Taco Bell switching to cage-free eggs

Kimbal Musk wants to reengineer the American stomach
Kimbal Musk wants to reengineer the American stomach

Taco Bell says it will crack nothing but cage-free eggs at its 6,000 U.S. locations by 2017.

The fast food chain said the announcement comes after "several years of planning."

Changing up supply chains to offer ingredients customers consider healthier and more sustainable is a popular trend in the fast food industry.

Taco Bell and Pizza Hut, both of which are Yum Brands (YUM) chains, have also committed to removing artificial ingredients. Taco Bell said Monday it plans to finish that switch by the beginning of 2016.

"Ingredient transparency is more important than ever to the next generation of Taco Bell customers," Taco Bell executive Liz Matthews said.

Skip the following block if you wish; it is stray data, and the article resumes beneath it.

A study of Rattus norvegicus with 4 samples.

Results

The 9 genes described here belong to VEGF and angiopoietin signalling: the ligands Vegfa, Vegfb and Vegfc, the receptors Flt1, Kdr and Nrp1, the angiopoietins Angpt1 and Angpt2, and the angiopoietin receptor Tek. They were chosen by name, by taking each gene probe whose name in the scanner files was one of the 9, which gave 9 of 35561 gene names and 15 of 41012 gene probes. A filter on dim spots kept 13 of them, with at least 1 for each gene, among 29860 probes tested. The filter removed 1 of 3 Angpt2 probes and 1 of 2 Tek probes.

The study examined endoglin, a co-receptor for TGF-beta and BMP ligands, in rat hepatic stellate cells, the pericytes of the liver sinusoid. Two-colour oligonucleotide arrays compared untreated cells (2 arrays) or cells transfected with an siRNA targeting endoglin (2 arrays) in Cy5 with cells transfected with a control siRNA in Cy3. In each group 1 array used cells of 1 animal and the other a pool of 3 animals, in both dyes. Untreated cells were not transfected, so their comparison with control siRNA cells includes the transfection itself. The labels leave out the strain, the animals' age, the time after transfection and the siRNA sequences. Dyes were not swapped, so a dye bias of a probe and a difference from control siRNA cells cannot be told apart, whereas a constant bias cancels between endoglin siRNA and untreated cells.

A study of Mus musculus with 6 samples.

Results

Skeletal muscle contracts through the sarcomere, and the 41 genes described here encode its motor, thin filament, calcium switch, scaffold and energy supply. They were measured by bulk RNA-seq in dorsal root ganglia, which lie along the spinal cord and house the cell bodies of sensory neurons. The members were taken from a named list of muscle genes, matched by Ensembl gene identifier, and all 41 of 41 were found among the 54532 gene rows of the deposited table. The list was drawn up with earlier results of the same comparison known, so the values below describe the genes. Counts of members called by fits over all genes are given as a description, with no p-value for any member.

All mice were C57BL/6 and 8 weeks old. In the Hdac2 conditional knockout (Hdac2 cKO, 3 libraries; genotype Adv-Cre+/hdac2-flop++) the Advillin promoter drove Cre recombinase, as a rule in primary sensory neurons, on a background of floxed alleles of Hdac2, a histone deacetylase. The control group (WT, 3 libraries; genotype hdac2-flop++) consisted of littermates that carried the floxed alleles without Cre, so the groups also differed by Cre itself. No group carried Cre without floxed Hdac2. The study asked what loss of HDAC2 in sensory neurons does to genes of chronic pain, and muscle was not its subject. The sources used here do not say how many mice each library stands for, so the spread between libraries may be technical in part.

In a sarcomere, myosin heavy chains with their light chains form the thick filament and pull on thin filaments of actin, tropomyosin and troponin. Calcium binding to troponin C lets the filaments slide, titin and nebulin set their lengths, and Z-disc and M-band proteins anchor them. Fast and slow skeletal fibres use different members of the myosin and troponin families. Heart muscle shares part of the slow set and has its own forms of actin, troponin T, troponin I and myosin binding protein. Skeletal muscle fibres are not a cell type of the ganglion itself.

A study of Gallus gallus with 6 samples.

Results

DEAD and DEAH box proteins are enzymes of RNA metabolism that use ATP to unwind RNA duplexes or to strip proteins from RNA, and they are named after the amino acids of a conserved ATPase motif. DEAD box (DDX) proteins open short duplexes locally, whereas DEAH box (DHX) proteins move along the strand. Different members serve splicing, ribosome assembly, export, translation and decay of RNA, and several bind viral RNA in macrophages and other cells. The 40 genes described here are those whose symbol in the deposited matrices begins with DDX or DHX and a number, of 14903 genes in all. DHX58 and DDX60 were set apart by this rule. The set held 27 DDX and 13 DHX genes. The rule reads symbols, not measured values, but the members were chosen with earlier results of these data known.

In September, McDonald's (MCD) said it will switch to cage-free eggs at its 16,000 U.S. and Canadian restaurants over 10 years.

And Burger King, owned by Restaurant Brands International (QSR), committed in 2012 to switching its egg supply within five years.

Food companies, including Kellogg (K) and General Mills (GIS), have also promised to convert to using only eggs from hens with access to open spaces.

There is no formal definition of cage-free. Some products with that label may come from hens that have very limited access to the outdoors or live in overcrowded spaces.

But animal-rights activists have celebrated the announcements because uncaged chickens can still "engage in natural behaviors."

Taco Bell's decision "will quickly improve the lives of countless animals and further cement the future of egg production as being one without cages," Josh Balk, the Humane Society's director of food policy, said Monday.